July 19, 2002 | Chris Barylick

Enter the newest temple of Mac geekiness and prepare to be blown away. Once again, bleached wood floors combine with airy walkways between the storeís sections, carefully placed halogen lighting creating a relaxed but technological feel. The store has gone for a futuristic look with the somewhat skeletal new iMacs at the registers, ample sunlight that streams in through the high windows and glass interior structures.

Based out of an old New York post office and using two levels for its purposes, the location almost has a department store feel. Walk in and notice the amazing all-glass staircase which all but verbally calls you upstairs to see what you can find, even if it means leaving all the cool hardware toys for sale behind on the lower level. Meander upstairs, saunter across the all-glass miniature bridge and itís a gamerís dream come true.

Every game you could possibly imagine is there on the shelves, and even after foot traffic from thousands of visitors on the opening day, in ample supply. From mega-titles like WarCraft III (all four box designs standing by on multiple racks) to more obscure titles like Descent 3, the SoHo location holds what is undoubtedly the largest selection of Mac games Iíd ever seen in one place. Apple has gone far and beyond the required standard for games and even if you think youíve played and heard of everything, youíll still find titles you might not have heard of. Thereís something for everyone in this location, the selection of edutainment titles surpassing anything youíll find in a catalog. No matter what your machine specs are, an abundant supply of lower-end titles like Sin, Majesty and Hoyleís Solitaire collections prove that you donít need the fastest G4 on the block to run a title from the Soho Apple Store. Gaming hardware is also prevalent with a good selection of controllers and game pads. A catalog might feature a wider array of items, especially is youíre looking for a specialty item such as a USB racing wheel, but for the average user looking to get away from their keyboard and mouse, this should do the trick.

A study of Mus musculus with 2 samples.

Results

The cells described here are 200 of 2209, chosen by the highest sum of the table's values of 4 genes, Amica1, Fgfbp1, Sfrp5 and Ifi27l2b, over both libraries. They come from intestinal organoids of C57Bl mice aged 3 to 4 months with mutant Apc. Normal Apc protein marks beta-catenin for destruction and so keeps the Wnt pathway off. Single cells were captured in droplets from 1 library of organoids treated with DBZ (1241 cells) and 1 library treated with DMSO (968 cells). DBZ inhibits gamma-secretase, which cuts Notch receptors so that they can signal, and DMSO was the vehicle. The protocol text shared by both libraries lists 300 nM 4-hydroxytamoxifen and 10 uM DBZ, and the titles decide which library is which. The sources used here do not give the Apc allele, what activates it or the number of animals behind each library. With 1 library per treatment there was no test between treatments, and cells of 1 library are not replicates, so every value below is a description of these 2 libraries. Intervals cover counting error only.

When I walked into the first Apple store over a year ago, my heart dropped a little as I looked over to the childrenís area, complete with iMacs and strange spherical seats on which to sit down. Part of me felt at home, wanting to try a few games while another part knew that I was too old and this was largely designed for the kids, thus I should wander off somewhere else. This has changed in the new SoHo location, both edutainment and more mature titles being displayed on several eMacs within the childrenís area. Sit back for a few minutes and customers of all shapes and sizes wander over to play, childrenís section or not. While Apple has never had an official ďgame testingĒ area, this seems to have filled the void and is settled into by any and all interested parties.

Unfortunately, this might be the only thing holding the new SoHo location and the Apple Store back a bit. Without a designated game demonstration area, users do tend to invade the childrenís section to play the games there. A few G4ís with various graphic card configurations (thereby allowing both ATI and nVidia to show their stuff) perhaps representing the Mac as the capable game platform itís always been may help. Add a machine or two, several current titles and let the machines sell themselves as gaming boxes, thereby solving the designated problem and utilizing the old technique of letting a device prove itself at something itís not universally known for as its selling point.

As well heeled hipsters and MacWorld Expo strays wandered through the store, carefully attended to by the not-too-pushy, ultra-cool-but-well-kempt staff, spirits seemed high and energetic. Users reveled in the selection, even if they winced a tiny bit at retail prices which arenít unique to the SoHo location. Even so, most people were happy to finally have an Apple Store in New York proper without the voyage to New Jersey or Connecticut, several shoppers commenting that they were fed up with J.R.ís Computer World and CompUSA when it came to Mac-specific shopping. From hardware to software to accessories to help books to training sessions, everythingís finally in one place with a focus on a platform thatís been kicked around in a city known for its stress, financial strength and tendency to opt for PCís as a means of staying current with the office and dominant market share.

With or without the presence of a large, scaly reptile behemoth, Apple has arrived in the big apple and earned their warm welcome, the underdog computer platform and its users finally having a tangible champion to their cause.